Unless you’re a regular Nelson Rockefeller, the idea of buying a costly new PC is probably a daunting one. Thankfully, you don’t have to break the bank just yet. There are several affordable yet effective upgrades that can boost not only your PC’s speed, but also your experience using it.
Three Letters: SSD
Does your internal hard drive sound like it’s hosting the Industrial Revolution, with metal clamoring away? That’s because you still have one of those hard drives that functions by putting mechanical parts to work. It might as well be a dinosaur.
The first thing you should do to upgrade your PC is install a solid state drive (or SSD). Because SSDs don’t require any moving parts, your PC can relax more when executing commands, which boosts its performance speed.
Installation of SSDs was pricey when they were first introduced, but costs have since dropped considerably. You can install an SSD yourself for under $100, or, if you’re not a DIY type with computers, a professional can usually install it for under $300.
And Three More Letters: RAM
For PC performance, there’s no greater currency than memory. The more gigabytes of memory a PC has, the smoother it will run, and the more work you’ll be able to take off your plate.
If your PC is spotty when you’re trying to multitask, consider infusing it with more random-access memory, or RAM. Keep your eyes peeled for sales, and you can usually reel in 8GB of RAM for under $70.
Add More Ports
You know how you can conveniently plug in a surge protector to open up more outlets next to your home entertainment system? A docking station enables you to apply that same convenience to your PC.
Docking stations come equipped with several computer ports, so you’ll never have to play musical chairs with your USB cables again. Plus, they’re really sleek, so they won’t be in your way.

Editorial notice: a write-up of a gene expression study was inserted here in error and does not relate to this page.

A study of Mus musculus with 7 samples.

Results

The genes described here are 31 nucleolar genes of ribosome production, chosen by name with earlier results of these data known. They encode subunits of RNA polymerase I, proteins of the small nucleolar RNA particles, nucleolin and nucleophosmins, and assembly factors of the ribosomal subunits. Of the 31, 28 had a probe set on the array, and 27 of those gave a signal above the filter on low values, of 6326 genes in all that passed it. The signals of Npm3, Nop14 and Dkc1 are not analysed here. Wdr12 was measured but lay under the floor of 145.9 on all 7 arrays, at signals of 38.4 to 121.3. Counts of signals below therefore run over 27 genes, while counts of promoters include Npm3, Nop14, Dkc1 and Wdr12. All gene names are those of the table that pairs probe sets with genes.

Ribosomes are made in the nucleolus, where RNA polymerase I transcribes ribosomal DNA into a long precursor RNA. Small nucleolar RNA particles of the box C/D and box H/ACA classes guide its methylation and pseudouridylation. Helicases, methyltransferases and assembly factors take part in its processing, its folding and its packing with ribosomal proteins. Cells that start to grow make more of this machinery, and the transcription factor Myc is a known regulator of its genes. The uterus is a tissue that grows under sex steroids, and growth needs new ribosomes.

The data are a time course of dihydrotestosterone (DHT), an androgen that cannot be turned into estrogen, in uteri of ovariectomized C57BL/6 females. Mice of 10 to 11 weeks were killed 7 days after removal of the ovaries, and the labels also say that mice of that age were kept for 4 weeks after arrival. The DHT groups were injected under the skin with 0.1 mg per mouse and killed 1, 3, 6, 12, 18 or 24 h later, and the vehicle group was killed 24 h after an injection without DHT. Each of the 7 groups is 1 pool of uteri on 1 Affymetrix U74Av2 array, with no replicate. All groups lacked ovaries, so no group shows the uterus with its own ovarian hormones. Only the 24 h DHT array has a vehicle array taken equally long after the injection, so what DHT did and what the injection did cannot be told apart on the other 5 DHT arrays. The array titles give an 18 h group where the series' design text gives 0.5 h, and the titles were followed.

Clean Out the Back
No matter how often you use your PC, the back of your hard drive is going to start looking like an abandoned garage with all the dust that accumulates over time. And when your hard drive’s fans and various parts get clogged, it overheats your PC, which results in slowdowns.
Luckily, there’s a simple solution to this. Buy a can of compressed air, and occasionally pop open the back of your hard drive and spray away.
Enhance Your Monitor
If you’ve grown tired with the visual experience of the screen staring back at you, maybe it’s time for a higher resolution monitor.
Most high-res computer monitors are reasonably priced somewhere in the ballpark of $100. And if you’re an avid PC gamer, for not much extra, you can purchase a monitor with AMD FreeSync Technology, which eliminates screen tearing from your gaming experience.
Add an External Hard Drive
Let’s say that you want to try boosting your PC’s speed by deleting files, but there aren’t any you want to delete permanently. With an external hard drive, you can have your cake and eat it too.
External hard drives are essentially like a storage unit. You can put files on it that you don’t need at the moment, and they’ll be right there waiting for you as soon as you do.
Unless you want one with mammoth storage, external hard drives are typically very light, both in weight and cost.
Give Your Fingers the Best
If you don’t have a mechanical keyboard yet, you’re missing out. Unlike clunky industry standard keyboards, mechanical keyboards:
- Can be customized for comfort based on how hard and fast you type
- Allow for a higher number of keys to be pressed simultaneously (which is particularly clutch for gamers)
- Last roughly five times as long before they wear out
You can usually find a capable mechanical keyboard for around $50.
On a similar note, you can upgrade to a mouse that’s more capable and comfortable to the touch for relatively cheap as well.
Give These a Shot Before You Give up
If your PC is old, there’s a chance you’ll have to bite the bullet and replace it. But trying these steps first could help you give your PC a significant upgrade without breaking the bank.